Maximum Wireless Merger

Maximum Wireless Merger

By R. Alan Clanton | Published February 15, 2014 |
Thursday Review editor

As if the proposed mega merger between cable television giants Comcast and Time Warner was not enough to give consumers, consumer groups and regulators headaches, North Americans may very soon face the possibility of only three major players in the wireless and cellular market.

Sprint Corporation, which is owned by the boisterous and colorful SoftBank billionaire Masayoshi Son, has an offer on the table to buy T-Mobile. Son is known for his aggressive, out-of-the-box management style. He once recently threatened to set himself on fire in front of a Japanese ministry out of frustration with regulatory snags.

Sprint’s short term goal is to enter into the big three of U.S. cellular carriers, but in order to do that he must consume the existing number three provider, T-Mobile. T-Mobile, which is owned principally by Deutsche Telekom AG, recently concluded a multi-billion dollar deal with the number one carrier Verizon for the purchase of vast swaths of bandwidth—a move that many tech analysts regarded as lucrative to both companies, and especially useful for T-Mobile to improve service in dozens of major U.S. markets.

Sprint’s long term eye is on the number one spot. Son and Sprint CEO Dan Hesse have made no secret that they think they have the plan to get there. Son, who is known for long range thinking—in the extreme—has famously developed a business plan which extends to the year 2320.

The Sprint-T-Mobile merger, if allowed by regulators in the United States and elsewhere, would poise the combined wireless titan to challenge number two AT&T and, in theory, Verizon. The logic is similar to the reasoning given days ago by Comcast CEO Brian Roberts: in the business of technology, bigger is often better, as smaller operations are naturally prone to inhibitions and limitations on innovation and cost-control; and the combined Sprint-T-Mobile partnership would deliver leverage and muscle to compete on a level field with Verizon and AT&T.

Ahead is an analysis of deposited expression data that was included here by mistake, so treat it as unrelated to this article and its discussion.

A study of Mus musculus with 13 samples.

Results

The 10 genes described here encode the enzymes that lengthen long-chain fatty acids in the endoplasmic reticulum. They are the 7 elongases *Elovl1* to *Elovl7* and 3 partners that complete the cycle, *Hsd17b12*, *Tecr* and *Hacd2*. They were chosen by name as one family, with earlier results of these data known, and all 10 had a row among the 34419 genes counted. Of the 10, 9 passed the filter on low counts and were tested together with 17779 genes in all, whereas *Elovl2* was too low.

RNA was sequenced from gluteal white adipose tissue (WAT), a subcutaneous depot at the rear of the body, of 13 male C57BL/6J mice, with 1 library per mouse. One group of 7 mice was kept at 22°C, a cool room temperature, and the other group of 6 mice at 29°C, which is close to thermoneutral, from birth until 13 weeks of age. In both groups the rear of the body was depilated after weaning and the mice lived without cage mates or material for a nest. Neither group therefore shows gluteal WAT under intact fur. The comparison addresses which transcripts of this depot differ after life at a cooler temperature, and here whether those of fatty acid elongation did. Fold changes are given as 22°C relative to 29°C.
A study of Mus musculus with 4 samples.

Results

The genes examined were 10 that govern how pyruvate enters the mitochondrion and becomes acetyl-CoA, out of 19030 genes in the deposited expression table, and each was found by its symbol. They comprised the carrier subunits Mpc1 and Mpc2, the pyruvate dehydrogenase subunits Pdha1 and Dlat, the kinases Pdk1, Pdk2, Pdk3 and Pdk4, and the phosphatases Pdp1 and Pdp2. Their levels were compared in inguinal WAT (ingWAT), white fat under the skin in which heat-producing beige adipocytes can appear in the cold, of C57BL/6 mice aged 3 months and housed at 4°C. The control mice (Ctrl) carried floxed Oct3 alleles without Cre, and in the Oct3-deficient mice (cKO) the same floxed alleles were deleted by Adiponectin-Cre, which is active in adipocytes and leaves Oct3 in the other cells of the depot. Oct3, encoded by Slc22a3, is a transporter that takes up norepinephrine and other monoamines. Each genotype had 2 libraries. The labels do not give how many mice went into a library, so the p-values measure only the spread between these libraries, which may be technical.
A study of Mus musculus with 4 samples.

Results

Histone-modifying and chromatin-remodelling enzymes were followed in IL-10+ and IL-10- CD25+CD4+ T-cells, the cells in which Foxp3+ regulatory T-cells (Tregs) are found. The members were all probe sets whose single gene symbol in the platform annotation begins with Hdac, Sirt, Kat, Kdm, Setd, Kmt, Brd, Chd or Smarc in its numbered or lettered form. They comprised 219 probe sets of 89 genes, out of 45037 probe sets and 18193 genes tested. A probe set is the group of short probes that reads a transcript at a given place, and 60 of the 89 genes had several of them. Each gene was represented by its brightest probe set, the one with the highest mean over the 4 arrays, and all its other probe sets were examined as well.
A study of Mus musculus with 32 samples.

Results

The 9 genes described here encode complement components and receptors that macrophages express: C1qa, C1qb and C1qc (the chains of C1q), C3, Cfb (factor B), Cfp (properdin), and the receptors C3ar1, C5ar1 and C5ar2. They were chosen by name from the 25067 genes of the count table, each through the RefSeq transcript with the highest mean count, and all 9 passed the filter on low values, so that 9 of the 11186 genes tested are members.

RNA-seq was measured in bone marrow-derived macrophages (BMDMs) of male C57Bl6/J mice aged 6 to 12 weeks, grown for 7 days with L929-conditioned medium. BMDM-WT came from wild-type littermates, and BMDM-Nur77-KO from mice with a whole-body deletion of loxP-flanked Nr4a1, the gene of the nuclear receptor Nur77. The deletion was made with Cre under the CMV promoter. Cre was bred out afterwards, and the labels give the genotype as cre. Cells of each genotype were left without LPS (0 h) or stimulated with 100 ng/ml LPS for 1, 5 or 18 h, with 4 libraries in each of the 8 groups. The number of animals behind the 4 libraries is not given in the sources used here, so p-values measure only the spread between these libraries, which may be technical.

Consumer advocates are skeptical of such logic, and—as in the Comcast deal—suspect that the giant merger between Sprint and T-Mobile will result in thousands of layoffs, higher prices, and a reduction in customer service response. Further, some analysts fear that with only three major players in the U.S. cellular market, the price of service may increase organically through lack of genuine competition, especially at a time when the number of people using mobile devices increases dramatically each month.

But Son seems undaunted by the complaints and the skepticism, and he has openly courted U.S. political figures in his quest, including recent meetings with President Barack Obama in which Son offered a huge investment in technology education and schools, including the use of wireless bandwidth for educational purposes and millions of dollars in broadband architecture.

The question may ultimately rest with the regulators and the politicians.

Related Thursday Review articles:

T-Mobile: Fewer Dropped Calls; R. Alan Clanton; Thursday Review; January 6, 2014.

The Big Merger: Comcast and Time-Warner; R. Alan Clanton; Thursday Review; February 14, 2014.